The best thing I can think of to get out of my well of post-election depression is to foster connections: basic connections with the people I love to remind me how many good people are out there, and also climate connections to connect with the fact that many, many incredible people are really out there trying to bend the arc on climate change. My first activities, after recovering from shock, have been lots of angry and frustrated conversations with friends that have helped my heart a lot. Now, on to Phase 2: joining the climate army.
Joining the climate army can look like a lot of different things. There are many, many good groups out there working on this issue from many different angles (check out my Partners in Productivity for links to several of them). There are kids groups, social justice groups, groups that deal with climate in specific contexts like rain forest protection or pipeline opposition. Plus there are a number of new groups that are sprouting up recently to try to make connections- for example the new Washington Environmental Women’s Alliance -as folks are trying to find the intersections of issues that are important to them and coalesce around important objectives like women’s rights and climate justice. It can feel a bit overwhelming- but in a good way. There are many voices and groups that are prioritizing this issue, and their numbers are growing.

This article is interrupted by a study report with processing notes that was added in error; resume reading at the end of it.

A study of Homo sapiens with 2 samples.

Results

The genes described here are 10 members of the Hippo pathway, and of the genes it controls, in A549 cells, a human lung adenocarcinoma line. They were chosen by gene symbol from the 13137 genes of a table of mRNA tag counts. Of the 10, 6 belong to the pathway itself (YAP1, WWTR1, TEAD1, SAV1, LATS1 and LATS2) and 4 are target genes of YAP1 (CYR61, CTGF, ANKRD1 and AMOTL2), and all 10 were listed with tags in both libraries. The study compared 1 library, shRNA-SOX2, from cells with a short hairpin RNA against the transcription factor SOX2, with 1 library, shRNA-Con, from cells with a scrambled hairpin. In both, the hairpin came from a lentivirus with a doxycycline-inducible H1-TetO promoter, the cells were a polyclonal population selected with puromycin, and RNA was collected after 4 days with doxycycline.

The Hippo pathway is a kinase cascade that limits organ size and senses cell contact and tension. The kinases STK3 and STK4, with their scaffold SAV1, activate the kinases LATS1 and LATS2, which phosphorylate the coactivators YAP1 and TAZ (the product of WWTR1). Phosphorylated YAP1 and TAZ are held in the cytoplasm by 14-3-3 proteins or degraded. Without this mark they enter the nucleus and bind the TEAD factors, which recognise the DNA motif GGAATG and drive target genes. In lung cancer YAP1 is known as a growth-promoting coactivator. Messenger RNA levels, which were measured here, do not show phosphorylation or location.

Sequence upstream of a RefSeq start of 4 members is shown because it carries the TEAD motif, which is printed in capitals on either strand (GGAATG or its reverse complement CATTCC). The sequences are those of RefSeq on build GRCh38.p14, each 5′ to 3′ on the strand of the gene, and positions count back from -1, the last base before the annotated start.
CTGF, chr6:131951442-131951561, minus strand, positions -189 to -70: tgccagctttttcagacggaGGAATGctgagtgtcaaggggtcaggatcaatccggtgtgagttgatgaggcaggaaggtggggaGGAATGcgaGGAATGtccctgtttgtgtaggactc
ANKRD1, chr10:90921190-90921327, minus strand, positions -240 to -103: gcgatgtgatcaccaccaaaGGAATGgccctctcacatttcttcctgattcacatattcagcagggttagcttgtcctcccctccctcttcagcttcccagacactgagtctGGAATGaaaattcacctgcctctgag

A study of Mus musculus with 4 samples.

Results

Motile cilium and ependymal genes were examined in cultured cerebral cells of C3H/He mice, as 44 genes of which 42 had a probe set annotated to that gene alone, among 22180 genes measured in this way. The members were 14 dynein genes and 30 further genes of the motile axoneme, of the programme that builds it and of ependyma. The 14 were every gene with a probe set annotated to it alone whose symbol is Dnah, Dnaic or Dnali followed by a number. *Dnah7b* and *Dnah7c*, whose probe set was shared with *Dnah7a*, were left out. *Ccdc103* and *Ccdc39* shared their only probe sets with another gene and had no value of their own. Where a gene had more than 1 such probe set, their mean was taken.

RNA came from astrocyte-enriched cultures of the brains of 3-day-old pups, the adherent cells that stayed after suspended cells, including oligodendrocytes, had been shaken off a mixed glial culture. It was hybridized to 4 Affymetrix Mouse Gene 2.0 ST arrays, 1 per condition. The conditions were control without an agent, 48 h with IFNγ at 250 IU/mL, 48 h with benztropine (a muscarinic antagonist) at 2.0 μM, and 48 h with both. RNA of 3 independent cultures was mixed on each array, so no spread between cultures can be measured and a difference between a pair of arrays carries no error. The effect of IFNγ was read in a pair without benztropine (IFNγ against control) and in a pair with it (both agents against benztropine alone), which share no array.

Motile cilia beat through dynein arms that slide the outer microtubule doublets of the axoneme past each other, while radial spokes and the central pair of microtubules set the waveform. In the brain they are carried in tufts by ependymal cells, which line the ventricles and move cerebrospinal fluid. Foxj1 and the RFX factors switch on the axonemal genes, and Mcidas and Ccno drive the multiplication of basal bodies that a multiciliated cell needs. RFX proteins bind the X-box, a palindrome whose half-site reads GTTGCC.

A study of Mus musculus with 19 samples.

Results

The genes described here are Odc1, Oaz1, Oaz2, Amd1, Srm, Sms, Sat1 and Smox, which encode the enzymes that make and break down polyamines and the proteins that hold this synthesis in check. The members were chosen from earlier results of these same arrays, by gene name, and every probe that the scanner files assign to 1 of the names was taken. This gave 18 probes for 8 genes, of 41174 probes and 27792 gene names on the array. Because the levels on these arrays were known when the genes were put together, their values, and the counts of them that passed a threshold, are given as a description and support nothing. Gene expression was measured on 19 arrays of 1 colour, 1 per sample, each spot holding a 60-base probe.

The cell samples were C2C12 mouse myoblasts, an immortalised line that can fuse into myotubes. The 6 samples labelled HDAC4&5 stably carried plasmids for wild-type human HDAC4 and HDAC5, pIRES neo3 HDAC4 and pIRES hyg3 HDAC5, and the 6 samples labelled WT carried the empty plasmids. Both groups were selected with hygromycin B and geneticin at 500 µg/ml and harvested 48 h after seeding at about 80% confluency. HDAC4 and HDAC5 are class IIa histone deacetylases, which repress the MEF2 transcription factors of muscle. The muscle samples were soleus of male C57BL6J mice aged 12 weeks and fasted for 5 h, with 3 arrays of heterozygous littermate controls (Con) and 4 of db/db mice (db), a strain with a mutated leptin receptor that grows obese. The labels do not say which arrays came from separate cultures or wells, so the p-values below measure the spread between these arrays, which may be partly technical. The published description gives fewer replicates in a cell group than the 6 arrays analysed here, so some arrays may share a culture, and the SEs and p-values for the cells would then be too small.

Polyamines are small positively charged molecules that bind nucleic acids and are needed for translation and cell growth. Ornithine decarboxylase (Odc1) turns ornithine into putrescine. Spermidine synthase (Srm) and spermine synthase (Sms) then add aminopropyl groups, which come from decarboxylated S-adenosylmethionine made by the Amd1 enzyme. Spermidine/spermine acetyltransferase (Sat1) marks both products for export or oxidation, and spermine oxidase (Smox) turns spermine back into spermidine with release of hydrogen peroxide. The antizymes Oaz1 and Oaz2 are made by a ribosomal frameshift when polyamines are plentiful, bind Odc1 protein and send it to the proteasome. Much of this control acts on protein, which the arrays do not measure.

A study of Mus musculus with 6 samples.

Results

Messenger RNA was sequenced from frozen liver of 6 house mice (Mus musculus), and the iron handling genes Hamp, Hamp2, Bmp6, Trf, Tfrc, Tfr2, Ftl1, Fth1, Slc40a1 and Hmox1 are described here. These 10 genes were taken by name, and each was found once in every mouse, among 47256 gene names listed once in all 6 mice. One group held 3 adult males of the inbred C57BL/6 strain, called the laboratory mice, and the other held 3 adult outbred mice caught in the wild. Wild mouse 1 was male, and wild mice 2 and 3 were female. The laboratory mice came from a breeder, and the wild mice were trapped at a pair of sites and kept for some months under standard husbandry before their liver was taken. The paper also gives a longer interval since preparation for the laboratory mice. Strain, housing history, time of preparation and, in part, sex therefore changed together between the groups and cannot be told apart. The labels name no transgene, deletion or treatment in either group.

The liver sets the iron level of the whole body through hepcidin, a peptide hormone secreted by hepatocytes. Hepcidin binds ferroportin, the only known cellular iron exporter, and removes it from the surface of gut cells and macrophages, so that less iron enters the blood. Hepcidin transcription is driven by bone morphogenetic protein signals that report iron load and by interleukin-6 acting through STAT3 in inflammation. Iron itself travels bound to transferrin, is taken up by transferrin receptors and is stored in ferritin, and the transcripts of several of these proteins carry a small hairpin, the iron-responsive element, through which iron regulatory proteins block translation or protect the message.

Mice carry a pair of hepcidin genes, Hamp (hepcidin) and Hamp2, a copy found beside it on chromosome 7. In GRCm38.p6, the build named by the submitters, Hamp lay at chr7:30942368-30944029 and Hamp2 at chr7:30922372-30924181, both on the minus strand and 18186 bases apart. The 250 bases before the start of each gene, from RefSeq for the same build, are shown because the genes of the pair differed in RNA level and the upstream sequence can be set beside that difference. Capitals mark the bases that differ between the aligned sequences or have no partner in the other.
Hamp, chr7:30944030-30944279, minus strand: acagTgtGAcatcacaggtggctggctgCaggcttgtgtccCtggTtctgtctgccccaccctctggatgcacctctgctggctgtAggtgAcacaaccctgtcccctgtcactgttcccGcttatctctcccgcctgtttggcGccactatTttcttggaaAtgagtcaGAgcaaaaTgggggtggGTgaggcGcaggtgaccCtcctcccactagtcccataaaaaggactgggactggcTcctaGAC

I’m still trying to figure out where my efforts should like in this landscape, but I’m doing my best to join ’em to beat ’em: trying to find effective groups that work at a grassroots level where I feel like I can really help beyond simply writing a check. Amazingly, though I write and think and act a lot on climate change, with a few exceptions I really haven’t put my effort into working closely with groups whose efforts are more concentrated on this issue. I think its time to try to take that step. So far I’ve got:
- joining our local district’s democratic party group, so that I can add a climate change voice to the local level of party politics
- joining Citizen’s Climate Lobby, a grassroots group that works within the political system to support climate solutions.
- joining the Washington Environmental Women’s Alliance to work on climate-change related issues within their organization
Are you reaching out and making new connections, or talking to new people, on climate change? I welcome thoughts and suggestions. Because we’ve got to be all together on this issue. It is going to take all of us standing up and demanding our liveable future.